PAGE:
Thursday, May 17, 2012

People and Planet: a new report and other stories

Royal Society report (Summary and recommendations) calls for both population stabilisation and big cuts in consumption to avoid "a downward spiral of economic and environmental ills". This is a significant contribution to the discussion of the relationship between population and consumption (which I discussed back here). I haven't had a chance to read the full report yet, but the conclusions seem to be broadly consistent with the points I made: that both population and consumption need to be addressed, but the latter can be addressed faster, further and with fewer ethical conundrums and so ought to be the primary immediate focus.

Guardian: IEA warns of 6ºC rise. It is hard to get a handle on just how catastrophic 6ºC would be. Let's just say that if we get to 6ºC, I don't think we'll be doing cost-benefit analyses anymore. David Roberts reflects on whether 6ºC is alarmist or realistic and points out that science alone can't tell us how bad climate change will be - because the most important unknown is just how we are all going to act and react over the next couple of decades. Those who think that 6ºC by 2100 is entirely unrealistic implicitly assume either (a) massive global co-ordinated action to mitigate through aggressive emissions reductions across the board or (b) global and long term economic collapse arriving sooner rather than later.

Mongabay: Organic agriculture has lower yields than industrial farming, according to a new study in Nature, especially for grains, though that is not the whole story, since there are various downstream costs of industrial agriculture that reduce yields elsewhere (and elsewhen).

ScienceDaily: Plastic in ocean underestimated by at least a factor of 2.5 due to the effects of wind pushing pollution beneath the surface, rendering measurements and calculations based on skimming the surface inaccurate.

SMH: India's border fence. Not with Pakistan or China, but the 4,000 km militarised fence on the border with Bangladesh, in the face of a rising tide of people fleeing, amongst other things, a rising tide. Though speaking of that rising tide...
H/T Donna.

ABC: Australasia at hottest for (at least) 1,000 years (also in the Guardian and the original study is here). This is a significant finding since most temperature reconstructions have focused on the northern hemisphere, where a greater number of proxy records mean more data is available.

Science: Some good news from Greenland. A review of ten years of satellite data appears to indicate that we are not on track for the "worst case" (i.e. 2 metre) sea level rise by 2100. Of course, "good" is relative; even a rise of a few feet will lead to massive headaches, but multi-metre rises probably mean infrastructure vulnerabilities worth trillions. Sea level rise is one of the most serious long term effects of climate change, though I suspect that over the next few decades it is not going to dominate in comparison with, for example, concerns over food security.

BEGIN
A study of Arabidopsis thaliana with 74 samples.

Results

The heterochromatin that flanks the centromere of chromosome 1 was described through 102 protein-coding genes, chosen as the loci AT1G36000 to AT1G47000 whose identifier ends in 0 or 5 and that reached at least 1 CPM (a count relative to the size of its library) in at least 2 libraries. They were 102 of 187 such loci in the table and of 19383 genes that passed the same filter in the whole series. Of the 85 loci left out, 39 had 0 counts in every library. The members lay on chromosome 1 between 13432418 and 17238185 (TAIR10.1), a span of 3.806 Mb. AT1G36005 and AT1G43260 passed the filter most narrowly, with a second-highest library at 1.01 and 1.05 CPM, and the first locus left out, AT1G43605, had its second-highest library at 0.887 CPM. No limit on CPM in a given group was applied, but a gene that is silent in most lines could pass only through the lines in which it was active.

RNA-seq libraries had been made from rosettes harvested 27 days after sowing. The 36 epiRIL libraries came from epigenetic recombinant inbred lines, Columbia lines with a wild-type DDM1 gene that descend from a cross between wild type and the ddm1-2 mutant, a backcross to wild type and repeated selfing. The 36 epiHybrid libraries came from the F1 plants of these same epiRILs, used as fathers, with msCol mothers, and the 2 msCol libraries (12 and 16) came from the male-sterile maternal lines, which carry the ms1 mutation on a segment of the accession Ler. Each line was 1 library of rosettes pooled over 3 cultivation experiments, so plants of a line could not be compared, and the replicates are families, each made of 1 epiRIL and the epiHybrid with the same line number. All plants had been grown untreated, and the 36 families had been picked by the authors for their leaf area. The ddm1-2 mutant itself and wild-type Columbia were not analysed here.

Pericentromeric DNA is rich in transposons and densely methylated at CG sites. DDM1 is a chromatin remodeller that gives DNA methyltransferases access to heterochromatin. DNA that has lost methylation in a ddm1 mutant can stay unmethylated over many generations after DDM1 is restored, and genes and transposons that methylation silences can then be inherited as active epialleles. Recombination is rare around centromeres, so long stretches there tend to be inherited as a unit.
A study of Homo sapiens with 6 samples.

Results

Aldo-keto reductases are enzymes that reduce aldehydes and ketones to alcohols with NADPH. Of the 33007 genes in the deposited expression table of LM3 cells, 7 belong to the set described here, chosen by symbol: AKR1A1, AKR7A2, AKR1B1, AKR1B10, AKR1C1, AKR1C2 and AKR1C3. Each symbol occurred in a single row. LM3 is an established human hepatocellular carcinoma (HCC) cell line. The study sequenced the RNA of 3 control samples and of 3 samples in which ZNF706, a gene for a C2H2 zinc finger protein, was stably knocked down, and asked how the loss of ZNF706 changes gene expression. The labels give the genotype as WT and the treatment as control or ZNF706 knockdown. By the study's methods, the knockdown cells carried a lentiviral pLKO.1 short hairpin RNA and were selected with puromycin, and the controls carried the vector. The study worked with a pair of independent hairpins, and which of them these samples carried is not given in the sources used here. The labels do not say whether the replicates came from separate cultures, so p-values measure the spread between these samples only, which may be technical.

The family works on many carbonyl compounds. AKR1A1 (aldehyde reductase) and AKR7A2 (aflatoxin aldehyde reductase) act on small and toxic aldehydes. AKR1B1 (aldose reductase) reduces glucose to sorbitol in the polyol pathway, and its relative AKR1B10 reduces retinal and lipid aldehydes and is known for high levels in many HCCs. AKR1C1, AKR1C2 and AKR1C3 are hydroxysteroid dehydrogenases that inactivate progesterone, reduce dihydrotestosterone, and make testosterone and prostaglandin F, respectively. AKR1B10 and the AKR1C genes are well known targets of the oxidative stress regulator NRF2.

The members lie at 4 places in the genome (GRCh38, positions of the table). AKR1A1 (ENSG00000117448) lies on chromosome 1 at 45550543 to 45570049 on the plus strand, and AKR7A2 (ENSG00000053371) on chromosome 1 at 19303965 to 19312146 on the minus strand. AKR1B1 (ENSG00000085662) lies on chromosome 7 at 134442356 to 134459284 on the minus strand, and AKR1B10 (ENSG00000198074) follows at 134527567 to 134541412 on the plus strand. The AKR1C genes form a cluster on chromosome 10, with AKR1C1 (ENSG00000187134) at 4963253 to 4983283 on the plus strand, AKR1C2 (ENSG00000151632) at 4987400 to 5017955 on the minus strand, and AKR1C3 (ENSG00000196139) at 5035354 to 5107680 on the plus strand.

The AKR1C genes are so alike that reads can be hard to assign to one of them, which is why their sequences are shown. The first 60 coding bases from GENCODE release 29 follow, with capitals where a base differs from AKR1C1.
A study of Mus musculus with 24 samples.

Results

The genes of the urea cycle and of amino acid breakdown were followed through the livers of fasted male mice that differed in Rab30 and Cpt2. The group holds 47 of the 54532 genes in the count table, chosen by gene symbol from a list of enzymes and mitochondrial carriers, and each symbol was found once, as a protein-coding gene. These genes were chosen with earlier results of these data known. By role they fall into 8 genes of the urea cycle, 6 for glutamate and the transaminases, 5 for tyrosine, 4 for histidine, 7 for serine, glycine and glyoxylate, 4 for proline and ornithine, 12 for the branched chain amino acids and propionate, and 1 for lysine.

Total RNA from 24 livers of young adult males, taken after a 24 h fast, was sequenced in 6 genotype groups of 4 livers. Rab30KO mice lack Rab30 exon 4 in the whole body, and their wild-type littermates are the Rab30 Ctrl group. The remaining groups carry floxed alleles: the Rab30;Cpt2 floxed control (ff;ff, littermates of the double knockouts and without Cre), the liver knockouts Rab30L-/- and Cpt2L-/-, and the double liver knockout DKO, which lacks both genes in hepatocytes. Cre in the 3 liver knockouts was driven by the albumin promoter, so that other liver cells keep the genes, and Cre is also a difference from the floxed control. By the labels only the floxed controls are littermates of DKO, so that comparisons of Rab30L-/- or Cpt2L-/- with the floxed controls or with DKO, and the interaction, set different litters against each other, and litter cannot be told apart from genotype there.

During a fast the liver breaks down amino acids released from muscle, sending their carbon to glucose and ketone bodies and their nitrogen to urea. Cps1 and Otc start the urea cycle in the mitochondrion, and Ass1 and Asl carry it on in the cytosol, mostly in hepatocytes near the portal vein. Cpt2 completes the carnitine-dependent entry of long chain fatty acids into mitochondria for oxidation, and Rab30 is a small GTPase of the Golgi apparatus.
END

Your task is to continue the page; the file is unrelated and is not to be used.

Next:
Grist: What would it look like for media to take climate seriously? A very interesting conversation between two journalists about media coverage of the climate threat.


byron smith said...

The Conversation: More on the organic yields publication from one of the authors, pointing out that nothing is black and white in this discussion.

byron smith said...

Telegraph: Great Pacific Garbage Patch has increased 100-fold since the 1970s.

byron smith said...

RealClimate: A good summary by the authors of the Greenland paper linked in the main post.

byron smith said...

Planet 3.0: Resilience vs yield: a difficult choice and another good example of the kind of knotty problem we'll increasingly face as we travel deeper into the Anthropocene.

byron smith said...

Grist: US organic firms being bought out by big food, who are also then stacking the regulatory agencies to change the definition of organic and so can sell slight modifications of their old products under the premium label. Nice work if you can get it.

byron smith said...

Guardian: This plastic bag conspiracy is a deadly distraction.

"Do I smell an opiate for the oblivious? This rhetoric is rubbish too because, as the environmental catastrophe mounts, we are doing less, not more, to preserve ourselves. The British Social Attitudes Survey, which is as good a measure as any of what we are not thinking about, reports that anxiety about the environment has lessened, even as the threat has grown – 37% think environmental threats are exaggerated, up from 24% in 2000. The proportion that believe fossil fuels contribute to climate change is down from 35% to 20%. I am no statistician but I think this means that ignorance has almost doubled in the last decade. We should be proud."

byron smith said...

A recent highly publicised study generated headlines claiming no health benefits to eating organic. But that is not the full story: what the headlines missed was the study's fine print, its funders and the fact that personal health is only one of the many reasons to prefer organic. The health of farmers, the soil, waterways, local biodiversity and the climate are others.